Although two-thirds of countries in the world no longer outlaw lesbian, gay, bisexual, transgender and intersex (LGBTI) relationships, same-sex relationships are still illegal in 76 countries. In the recent past, new laws have been passed in Russia, India, Nigeria, Burundi, Cameroon and Uganda and are being contemplated in other countries to further prohibit same-sex relationships or the so-called ‘promotion of homosexuality’.
There is evidence that such new laws precipitate negative consequences not just for LGBTI persons and communities, but also for societies as a whole, including the rapid reversal of key public health gains, particularly in terms of HIV and AIDS and other sexual health programmes, increases in levels of social violence, some evidence of reduced economic growth, and the diversion of attention from sexual and other violence against women and children.
Partly because those arguing in favour of criminalising sexual and gender diversity have made explicit appeals to science, this report examines the extent to which science sup- ports any of the arguments that proponents of these new laws make. Drawing on recent scientific evidence and, where possible, on systematic reviews, the report seeks to pro- vide an up-to-date overview of the state of the current biological, socio-psychological, and public health evidence and assess how this supports, or contests, the key arguments made in favour of new laws. This report considers the following questions:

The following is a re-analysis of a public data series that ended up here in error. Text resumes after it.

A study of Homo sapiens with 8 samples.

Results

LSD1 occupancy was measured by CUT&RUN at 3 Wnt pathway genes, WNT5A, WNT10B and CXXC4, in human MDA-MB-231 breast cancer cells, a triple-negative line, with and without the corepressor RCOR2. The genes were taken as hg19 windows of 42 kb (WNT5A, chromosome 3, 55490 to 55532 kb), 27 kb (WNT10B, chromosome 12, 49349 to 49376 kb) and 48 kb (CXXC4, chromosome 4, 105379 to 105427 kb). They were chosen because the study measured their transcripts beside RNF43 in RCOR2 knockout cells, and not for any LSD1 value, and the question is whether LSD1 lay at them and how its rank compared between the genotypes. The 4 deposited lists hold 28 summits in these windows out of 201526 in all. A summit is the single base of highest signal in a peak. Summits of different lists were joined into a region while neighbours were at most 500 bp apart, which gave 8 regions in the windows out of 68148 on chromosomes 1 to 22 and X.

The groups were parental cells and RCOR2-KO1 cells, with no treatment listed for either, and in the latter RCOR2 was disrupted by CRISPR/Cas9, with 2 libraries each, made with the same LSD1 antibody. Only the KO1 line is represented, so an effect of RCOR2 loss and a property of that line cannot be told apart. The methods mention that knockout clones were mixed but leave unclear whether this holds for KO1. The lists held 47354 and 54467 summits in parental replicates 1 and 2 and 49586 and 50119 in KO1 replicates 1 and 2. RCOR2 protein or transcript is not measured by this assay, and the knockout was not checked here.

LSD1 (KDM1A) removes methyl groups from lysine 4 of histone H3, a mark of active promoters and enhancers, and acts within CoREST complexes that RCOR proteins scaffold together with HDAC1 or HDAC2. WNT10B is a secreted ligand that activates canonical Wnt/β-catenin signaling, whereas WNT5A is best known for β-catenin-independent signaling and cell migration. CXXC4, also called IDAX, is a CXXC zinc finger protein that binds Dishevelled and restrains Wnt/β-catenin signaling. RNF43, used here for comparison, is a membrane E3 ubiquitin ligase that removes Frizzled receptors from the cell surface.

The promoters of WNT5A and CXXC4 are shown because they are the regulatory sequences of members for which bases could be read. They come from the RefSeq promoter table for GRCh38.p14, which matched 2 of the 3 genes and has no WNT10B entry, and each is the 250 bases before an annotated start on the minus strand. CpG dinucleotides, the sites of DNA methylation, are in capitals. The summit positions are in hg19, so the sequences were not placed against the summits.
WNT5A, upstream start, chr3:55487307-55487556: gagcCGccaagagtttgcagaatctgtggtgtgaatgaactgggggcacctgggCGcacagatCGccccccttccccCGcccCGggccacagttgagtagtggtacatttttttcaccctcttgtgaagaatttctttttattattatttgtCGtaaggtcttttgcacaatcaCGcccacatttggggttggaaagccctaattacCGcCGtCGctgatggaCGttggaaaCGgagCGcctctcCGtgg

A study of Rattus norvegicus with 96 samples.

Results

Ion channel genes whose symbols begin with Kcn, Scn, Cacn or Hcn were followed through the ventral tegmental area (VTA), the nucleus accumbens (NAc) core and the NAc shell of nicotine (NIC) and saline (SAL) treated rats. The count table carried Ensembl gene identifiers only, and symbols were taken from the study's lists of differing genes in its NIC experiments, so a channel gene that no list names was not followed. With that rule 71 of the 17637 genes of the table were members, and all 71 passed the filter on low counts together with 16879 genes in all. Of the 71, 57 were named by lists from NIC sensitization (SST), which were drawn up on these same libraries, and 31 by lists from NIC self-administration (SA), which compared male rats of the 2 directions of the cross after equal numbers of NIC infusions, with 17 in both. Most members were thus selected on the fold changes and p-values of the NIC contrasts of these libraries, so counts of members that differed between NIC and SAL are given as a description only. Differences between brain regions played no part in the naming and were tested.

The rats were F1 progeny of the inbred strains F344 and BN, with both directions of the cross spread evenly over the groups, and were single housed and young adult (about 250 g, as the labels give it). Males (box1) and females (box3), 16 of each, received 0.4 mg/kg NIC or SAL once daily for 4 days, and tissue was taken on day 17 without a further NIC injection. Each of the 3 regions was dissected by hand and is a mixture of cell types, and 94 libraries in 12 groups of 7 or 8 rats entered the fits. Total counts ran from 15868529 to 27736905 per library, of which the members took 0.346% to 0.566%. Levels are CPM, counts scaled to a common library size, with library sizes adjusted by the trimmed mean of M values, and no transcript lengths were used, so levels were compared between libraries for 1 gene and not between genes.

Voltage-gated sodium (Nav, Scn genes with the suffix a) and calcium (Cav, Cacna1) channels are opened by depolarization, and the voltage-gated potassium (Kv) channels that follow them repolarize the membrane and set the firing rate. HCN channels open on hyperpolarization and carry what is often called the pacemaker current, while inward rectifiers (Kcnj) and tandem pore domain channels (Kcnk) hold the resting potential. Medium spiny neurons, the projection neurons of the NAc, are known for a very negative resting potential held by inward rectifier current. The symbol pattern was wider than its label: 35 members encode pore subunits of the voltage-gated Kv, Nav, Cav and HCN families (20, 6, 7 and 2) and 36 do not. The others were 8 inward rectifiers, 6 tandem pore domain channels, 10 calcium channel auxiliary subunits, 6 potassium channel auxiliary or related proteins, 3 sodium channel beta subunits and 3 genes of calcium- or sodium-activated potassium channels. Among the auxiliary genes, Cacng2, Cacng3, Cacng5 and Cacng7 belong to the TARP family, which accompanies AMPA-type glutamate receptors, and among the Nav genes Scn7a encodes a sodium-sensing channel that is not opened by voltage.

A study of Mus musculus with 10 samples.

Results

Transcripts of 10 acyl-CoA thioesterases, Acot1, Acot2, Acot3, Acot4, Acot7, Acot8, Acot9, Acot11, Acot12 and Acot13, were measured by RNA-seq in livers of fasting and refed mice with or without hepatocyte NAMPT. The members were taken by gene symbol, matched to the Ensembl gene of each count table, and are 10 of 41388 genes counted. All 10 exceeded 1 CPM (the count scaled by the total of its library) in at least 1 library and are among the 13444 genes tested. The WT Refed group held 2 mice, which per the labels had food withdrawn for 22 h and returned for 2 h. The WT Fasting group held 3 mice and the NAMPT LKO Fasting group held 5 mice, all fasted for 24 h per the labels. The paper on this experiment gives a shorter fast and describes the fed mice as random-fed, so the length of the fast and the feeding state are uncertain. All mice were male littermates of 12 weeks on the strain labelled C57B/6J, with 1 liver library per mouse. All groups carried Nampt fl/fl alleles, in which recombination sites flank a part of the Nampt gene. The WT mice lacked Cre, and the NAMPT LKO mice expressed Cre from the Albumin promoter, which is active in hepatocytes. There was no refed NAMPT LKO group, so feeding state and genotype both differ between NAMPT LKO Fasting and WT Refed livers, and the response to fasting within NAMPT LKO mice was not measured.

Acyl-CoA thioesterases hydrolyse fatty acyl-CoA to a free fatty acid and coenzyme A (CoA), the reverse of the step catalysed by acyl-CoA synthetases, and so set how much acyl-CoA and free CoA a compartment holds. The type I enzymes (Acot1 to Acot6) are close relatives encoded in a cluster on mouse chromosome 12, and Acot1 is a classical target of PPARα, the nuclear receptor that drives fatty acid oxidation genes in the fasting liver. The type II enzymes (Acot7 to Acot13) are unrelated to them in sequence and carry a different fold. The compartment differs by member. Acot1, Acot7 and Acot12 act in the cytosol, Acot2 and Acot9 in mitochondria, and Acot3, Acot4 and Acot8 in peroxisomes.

- What is the evidence that biological factors contribute to sexual and gender diversity? To what degree is the wide diversity of human sexualities explained by biological factors?
- Do environmental factors such as upbringing and socialisation explain the diversity of human sexuality?
- Is there any evidence for same-sex orientation being ‘acquired’ through contact with others, i.e. through ‘social contagion’?
- What evidence is there that any form of therapy or ‘treatment’ can change sexual orientation?
- What evidence is there that same-sex orientations pose a threat of harm to individuals, communities, or vulnerable populations such as children?
- What are the public health consequences of criminalising same-sex sexual orientations and attempting to regulate the behaviour/relationships related to some sexualities?
- What are the most critical unanswered scientific research questions regarding the diversity of human sexualities and sexual orientations in Africa?